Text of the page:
Clarke offers concessions on ID cards to head off rebellion


He will offer a guarantee that the planned national identity database will hold no more personal details than contained on a passport. The Home Secretary will also outline new laws to prevent people stealing information while cards are being produced.

He will attempt to reassure MPs worried about the cost of the cards that people will only be charged £30 for a standalone card and £93 for a combined card and passport.

The ID Cards Bill returns to the Commons tonight with the prospect of a fresh left-wing revolt before the legislation goes to the House of Lords. Twenty Labour backbenchers rebelled when MPs last debated ID cards earlier this year.

Opposition MPs and Labour rebels are hoping to wreck a key part of the Bill with amendments to remove powers that would force people to get an ID card when they renew their passports or driving licences. They also want to eliminate charges for the cards. Anti-ID card campaigners are keen to slash the Government's majority of 66 to boost attempts to wreck the Bill in the Lords, where Labour does not have an overall majority.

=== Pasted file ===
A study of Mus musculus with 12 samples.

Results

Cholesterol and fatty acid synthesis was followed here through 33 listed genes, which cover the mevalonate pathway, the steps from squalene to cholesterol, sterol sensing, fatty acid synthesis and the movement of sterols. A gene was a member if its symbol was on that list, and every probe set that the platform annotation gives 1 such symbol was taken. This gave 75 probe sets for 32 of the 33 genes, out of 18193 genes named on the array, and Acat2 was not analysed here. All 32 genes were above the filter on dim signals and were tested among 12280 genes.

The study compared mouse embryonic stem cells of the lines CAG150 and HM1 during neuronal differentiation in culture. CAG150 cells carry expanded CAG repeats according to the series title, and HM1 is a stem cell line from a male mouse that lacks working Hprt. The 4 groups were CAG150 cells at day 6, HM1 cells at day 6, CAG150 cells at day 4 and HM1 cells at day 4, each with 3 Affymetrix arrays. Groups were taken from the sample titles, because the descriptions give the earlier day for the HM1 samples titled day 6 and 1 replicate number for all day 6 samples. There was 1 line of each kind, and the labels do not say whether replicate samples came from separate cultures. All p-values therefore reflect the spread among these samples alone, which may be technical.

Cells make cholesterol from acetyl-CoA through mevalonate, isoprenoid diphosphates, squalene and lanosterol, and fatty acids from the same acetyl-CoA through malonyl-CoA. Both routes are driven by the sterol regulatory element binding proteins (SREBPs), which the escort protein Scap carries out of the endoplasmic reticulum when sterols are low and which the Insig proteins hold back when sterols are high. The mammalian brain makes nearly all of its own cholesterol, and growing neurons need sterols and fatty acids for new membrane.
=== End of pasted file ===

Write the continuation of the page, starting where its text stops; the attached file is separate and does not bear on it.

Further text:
The Liberal Democrats accused the Tories of going soft on ID cards by failing to impose a three-line whip on their MPs today. But Conservative sources insisted that their troops would all be in Westminster and would be voting in force against the measure.

The Human Rights group Liberty urged MPs to reject the Bill. Shami Chakrabarti, the organisation's director, said: "This ID card folly is an example of the need to focus on more good cops rather than more bad laws. The multimillion-pound database budget should be diverted to operational intelligence and policing.

"In addition to the exorbitant financial cost, this scheme comes with immeasurable hidden costs to our privacy, race relations, and traditional freedoms."

The Home Office is speaking to other government departments, including the Department of Health and the Department of Work and Pensions, about the merits of ID cards, in the hope that they will contribute towards the scheme's cost. Andy Burnham, a Home Office minister, said: "If they are going to reap the benefits [of ID cards] there should be a sensible sharing of the cost."